Tuesday, May 02, 2006

Fly, my pretties, fly...



Maybe it was all of this talk about angels and wings, but for some reason I started thinking this morning about the flying monkeys in the Wizard of Oz. And the flying monkeys made me think about the Wicked Witch of the West and the Wicked Witch of the West made me think about my 5th grade teacher because she was the spitting image of the Wicked Witch of the West. But in all fairness to the witch, my 5th grade teacher was nastier.

First, I want to go on record at this point and say I was a perfect student. I say this in all modesty, because I was just one of those kids who was terrified of authority and did everything he was told to do by teachers. I didn't talk. I listened and I did all my assignments. Teachers loved me. My first grade teacher named her firstborn son Tim because I was such a delight. In hindsight I would probably say it was because I was a good monkey and danced on command. So it was a major "life is not fair" lesson when it came time to go into 5th grade and I was assigned to a harpy who wanted a monkey who could fly as well as dance.


Mrs. Gussie had been around awhile. She was legendary for simply being evil. I spent all summer before 5th grade sweating which teacher I would get. I wanted Mr. Spencer. He was from Texas and wore a cowboy hat. He taught P.E. He played guitar and sang to his class. He was cool. But of course when I rode my bike to the school a week before school started to look at the class roster list tacked up on the front door, my name was right there under Mrs. Gussie.

If a ten-year old can experience true depression, that was my moment. For some reason karma had pegged me for serving hard time in 5th grade and Mrs. Gussie was my jailor. I could almost hear the kids around me murmuer, "Dead man walking...," as I headed down the hall for my first day of class.

This is probably where you are thinking this is going to be one of those cute tales about a strict teacher with a bad reputation that turns out to be a life changing mentor. No. Mrs. Gussie was a witch. To this day if I was in my car and saw her in a crosswalk, I'd seriously consider gunning it.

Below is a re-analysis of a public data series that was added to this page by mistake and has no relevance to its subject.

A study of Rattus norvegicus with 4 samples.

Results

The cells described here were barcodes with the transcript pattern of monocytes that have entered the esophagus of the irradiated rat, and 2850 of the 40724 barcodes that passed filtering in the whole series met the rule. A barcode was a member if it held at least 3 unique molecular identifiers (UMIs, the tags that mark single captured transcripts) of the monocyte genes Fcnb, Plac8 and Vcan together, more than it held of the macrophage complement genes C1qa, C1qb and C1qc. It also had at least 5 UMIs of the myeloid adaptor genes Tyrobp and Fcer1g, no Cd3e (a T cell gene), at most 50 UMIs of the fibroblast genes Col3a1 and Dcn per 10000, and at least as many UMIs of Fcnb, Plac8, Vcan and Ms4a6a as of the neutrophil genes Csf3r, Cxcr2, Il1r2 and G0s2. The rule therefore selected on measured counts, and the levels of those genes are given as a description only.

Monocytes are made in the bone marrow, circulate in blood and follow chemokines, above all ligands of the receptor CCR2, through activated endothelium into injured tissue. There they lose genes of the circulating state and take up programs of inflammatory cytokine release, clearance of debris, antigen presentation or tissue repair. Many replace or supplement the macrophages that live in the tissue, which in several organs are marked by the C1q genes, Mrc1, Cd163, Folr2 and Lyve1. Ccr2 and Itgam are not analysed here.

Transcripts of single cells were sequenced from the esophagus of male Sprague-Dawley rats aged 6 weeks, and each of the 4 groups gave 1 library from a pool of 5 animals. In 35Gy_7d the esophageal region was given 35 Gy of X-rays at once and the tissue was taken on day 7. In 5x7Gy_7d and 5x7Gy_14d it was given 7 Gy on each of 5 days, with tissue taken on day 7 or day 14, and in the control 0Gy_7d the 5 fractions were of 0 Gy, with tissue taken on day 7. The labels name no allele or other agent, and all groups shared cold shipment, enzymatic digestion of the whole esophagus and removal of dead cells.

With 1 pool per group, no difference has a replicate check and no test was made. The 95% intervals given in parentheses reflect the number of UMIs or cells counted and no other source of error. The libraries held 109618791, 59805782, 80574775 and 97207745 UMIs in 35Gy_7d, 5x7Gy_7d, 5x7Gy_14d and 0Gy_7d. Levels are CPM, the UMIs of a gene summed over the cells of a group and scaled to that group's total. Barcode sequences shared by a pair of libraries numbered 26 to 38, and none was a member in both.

She looked so much like the Wicked Witch of the West that I used to find myself sitting in class kicking my heels together and whispering, "There's no place like home, there's no place like home..." And to make it even freakier, she had this flaming red hair that looked like her head was on fire. I used to fantasize that someone would throw a bucket of water on her to put it out and she'd melt away into the floorboards like the Wicked Witch she was.

I found out too late that the reason I was assigned to Mrs. Gussie's class was that I had signed up for band that year. All of the band kids were in her class. And three times a week we'd be excused to go to the auditorium to go practise with the district music teacher. The non-band kids would stay with Mrs. Gussie and she'd teach them singing. After our first band class, we returned to Mrs. Gussie's room and made the mistake of just walking in to return to our seats. She immediately began shrieking at us that we should never interrupt her singing class. We were to stand in the hallway when we returned and wait until she came to get us.

The next time we returned from band class, we stood obediantly waiting outside the door for ten minutes until she finally popped her head out and began shrieking at us for just standing there keeping the rest of the class waiting. Even at aged ten I realized she was a major whack job.

Every day was like that with Mrs. Gussie. I think she was bi-polar. I was terrified to set her off and I was one of the unusually well-behaved monkeys. I pitied the more spirited kids in the class, particularily Al Eichols. He was this weird, gangly boy who couldn't sit still and wasn't much on paying attention. Unlike other teachers who sent kids to the principal for discipline, Mrs. Gussie believed in cutting out the middle man. She kept a ominous looking paddle next to her desk. And almost daily she'd drag Al into the book room next to our class and we'd hear the sound of the paddle echo loudly down the hallway as Mrs. Gussie whaled away on Al's behind.

But oddly enough, Al would always come swaggering back into class with a big grin on his face followed by Mrs. Gussie with her eyes bulging out in anger that he wasn't crying after the paddling. Al became our Coolhand Luke.

It seemed like the longest year of my young life. I created one of those paper chains at home that you used to make to count down to major events by ripping off one of the links at a time. Only this time I was counting down weeks until I got away from Mrs. Gussie.

Finally, I ripped off the last link of that chain and I was free from 5th grade. I walked out of her classroom and I could have swore she cackled, "Fly, my pretties, fly..." When I was out the door I began singing, "Ding dong, the witch is dead, the wicked witch, the wicked witch. Ding dong the wicked witch is dead!" But I kept looking over my shoulder.

I still can't watch Wizard of Oz all the way through without twitching.